An 1836 law to apprehend those who broke open vaults under the churches of St Andrew and St Mark in Dublin city “and opened several coffins and extracted the teeth from the bodies within” is among some 3,000 obsolete laws facing removal from the Irish statute books.
Another 1836 proclamation sought those “who blew up by explosion of gunpowder the statute of King William the Third in College Green, city of Dublin”.
More than 2,500 proclamations issued between 1821 and 1860 offered rewards for apprehending suspected criminals around the island of Ireland.
Tipperary has the most recorded proclamations, with 426, and Kerry has the fewest with 15.
County Dublin has 71 proclamations relating to all forms of criminal activity such as waylaying, robbing, attacking, wounding and murder; severe, inhumane and unmerciful beatings; causing death by throwing stones or with blows to the head with a pitchfork; setting fire to houses, outhouses, cowhouses, hayricks, barns and oat-mills; breaking eggs, posting threatening notices regarding land, voting and potatoes; and beatings with sticks and stones and nettles.
‘Purity and virtue’
In Galway, an 1835 proclamation sought to apprehend those who beheaded a woman on the Moylough Road near Dunmore and an 1839 proclamation sought the person who drowned a young female child near Donoughpatrick. Many proclamations in the county between the 1830s and 1850s expose much unrest, involving murders, shootings, arson and attacks on property and livestock.
Other instruments up for removal include orders promoting "purity and virtue", banning a monster meeting at Clontarf in Dublin by Daniel O'Connell in favour of Roman Catholic Emancipation, and offering rewards to anyone "who shall render efficient assistance to the crews of the Discovery ships under the command of Sir John Franklin, or who shall succeed in ascertaining their fate".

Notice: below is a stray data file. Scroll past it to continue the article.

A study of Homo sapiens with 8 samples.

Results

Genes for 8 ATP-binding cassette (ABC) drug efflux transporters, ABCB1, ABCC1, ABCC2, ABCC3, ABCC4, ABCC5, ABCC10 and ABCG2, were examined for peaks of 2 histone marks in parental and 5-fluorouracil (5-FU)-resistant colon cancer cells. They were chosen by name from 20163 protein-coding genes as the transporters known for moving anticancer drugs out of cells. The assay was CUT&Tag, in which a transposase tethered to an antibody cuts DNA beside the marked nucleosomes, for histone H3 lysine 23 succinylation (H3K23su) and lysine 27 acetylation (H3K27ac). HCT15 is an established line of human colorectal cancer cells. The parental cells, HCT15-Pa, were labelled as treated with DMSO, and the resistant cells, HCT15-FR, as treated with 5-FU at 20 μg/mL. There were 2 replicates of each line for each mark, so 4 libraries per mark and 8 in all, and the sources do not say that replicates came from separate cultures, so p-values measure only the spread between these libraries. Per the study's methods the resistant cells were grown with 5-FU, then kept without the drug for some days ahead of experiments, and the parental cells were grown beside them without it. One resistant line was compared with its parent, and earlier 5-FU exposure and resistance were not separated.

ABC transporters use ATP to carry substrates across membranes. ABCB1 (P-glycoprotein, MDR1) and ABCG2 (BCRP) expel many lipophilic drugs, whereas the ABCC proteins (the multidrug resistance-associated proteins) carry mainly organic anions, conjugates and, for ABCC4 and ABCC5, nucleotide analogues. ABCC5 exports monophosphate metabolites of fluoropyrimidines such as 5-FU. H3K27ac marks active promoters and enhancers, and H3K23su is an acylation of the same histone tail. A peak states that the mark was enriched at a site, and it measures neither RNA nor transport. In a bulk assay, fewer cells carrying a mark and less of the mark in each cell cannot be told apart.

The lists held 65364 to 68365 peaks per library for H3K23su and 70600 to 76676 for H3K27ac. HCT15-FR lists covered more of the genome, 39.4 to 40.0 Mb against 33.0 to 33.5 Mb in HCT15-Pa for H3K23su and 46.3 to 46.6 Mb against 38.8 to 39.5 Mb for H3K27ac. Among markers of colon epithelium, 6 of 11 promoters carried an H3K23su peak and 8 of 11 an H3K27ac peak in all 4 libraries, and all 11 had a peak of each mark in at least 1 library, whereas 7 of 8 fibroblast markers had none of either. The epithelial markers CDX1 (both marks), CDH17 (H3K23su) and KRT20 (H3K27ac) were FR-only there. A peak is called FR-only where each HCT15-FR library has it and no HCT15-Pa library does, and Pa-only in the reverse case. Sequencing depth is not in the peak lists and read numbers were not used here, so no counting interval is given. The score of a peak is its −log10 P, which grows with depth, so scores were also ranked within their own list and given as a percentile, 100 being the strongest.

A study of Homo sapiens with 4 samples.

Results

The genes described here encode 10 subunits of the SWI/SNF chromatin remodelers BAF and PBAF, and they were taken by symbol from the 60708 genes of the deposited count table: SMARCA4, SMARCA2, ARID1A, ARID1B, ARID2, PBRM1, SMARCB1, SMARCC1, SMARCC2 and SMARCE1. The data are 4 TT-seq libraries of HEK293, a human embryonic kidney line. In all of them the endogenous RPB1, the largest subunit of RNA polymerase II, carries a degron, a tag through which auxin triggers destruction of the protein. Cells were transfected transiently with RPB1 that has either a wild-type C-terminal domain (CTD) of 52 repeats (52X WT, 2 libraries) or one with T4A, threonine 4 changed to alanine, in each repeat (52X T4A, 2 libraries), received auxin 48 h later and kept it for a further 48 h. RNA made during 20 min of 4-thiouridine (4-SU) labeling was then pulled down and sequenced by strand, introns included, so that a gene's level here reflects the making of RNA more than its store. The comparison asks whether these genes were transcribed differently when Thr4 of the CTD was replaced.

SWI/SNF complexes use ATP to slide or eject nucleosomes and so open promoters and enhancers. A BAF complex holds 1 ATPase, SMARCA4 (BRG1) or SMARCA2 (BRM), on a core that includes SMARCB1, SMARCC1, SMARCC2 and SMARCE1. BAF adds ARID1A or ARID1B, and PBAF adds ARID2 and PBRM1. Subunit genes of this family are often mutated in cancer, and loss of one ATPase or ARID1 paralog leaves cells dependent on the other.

The Law Reform Commission (LRC), through the Statute Law Revision Programme (SLRP), has launched a public consultation, to run until April 5th, on statutory and prerogative instruments made between 1821 and 1860.
The period covers the Great Famine; the Tithe War, a campaign resisting payment of tithes – one tenth of income – on Roman Catholics for the upkeep of the Church of Ireland; and the struggle for Roman Catholic emancipation.
Established in 2005, the SLRP is the national programme to identify and remove obsolete and spent primary and secondary legislation here, and has so far repealed most of the primary legislation made before the State was founded.
The commission is recommending removal of more than 3,000 instruments which have ceased to have effect or have become unnecessary. Just two instruments from the period, relating to the limits of the river Shannon, need to be kept on the statute book.
The commission said, as well as contributing to legislative clarity here, the instruments would be a useful resource for historians, “including armchair ones”.
The SLRP has had consultations with Government departments and other key stakeholders and is now inviting views from the public and interested parties on the proposals.
The Minister for Public Expenditure and Reform, Michael McGrath, welcomed the latest phase in the SLRP “which will ensure a modern and accessible statute book in Ireland”. Following the consultation, the seventh Statute Law Revision Bill will be published later this year.
Fiona Carroll, project manager of the SLRP, said: "This has been a large undertaking and follows three years of intensive research completed by talented and dedicated full-time researchers."
Other instruments recommended for revocation include orders for prayers and fasts for the abatement of cholera, relief from crop failure and to give thanks for abundant harvests; orders imposing quarantine on cholera-afflicted ships; regulations establishing a board of health; warrants appointing certain places of confinement for transportation; warrants regulating postage duties; and orders amending county boundaries.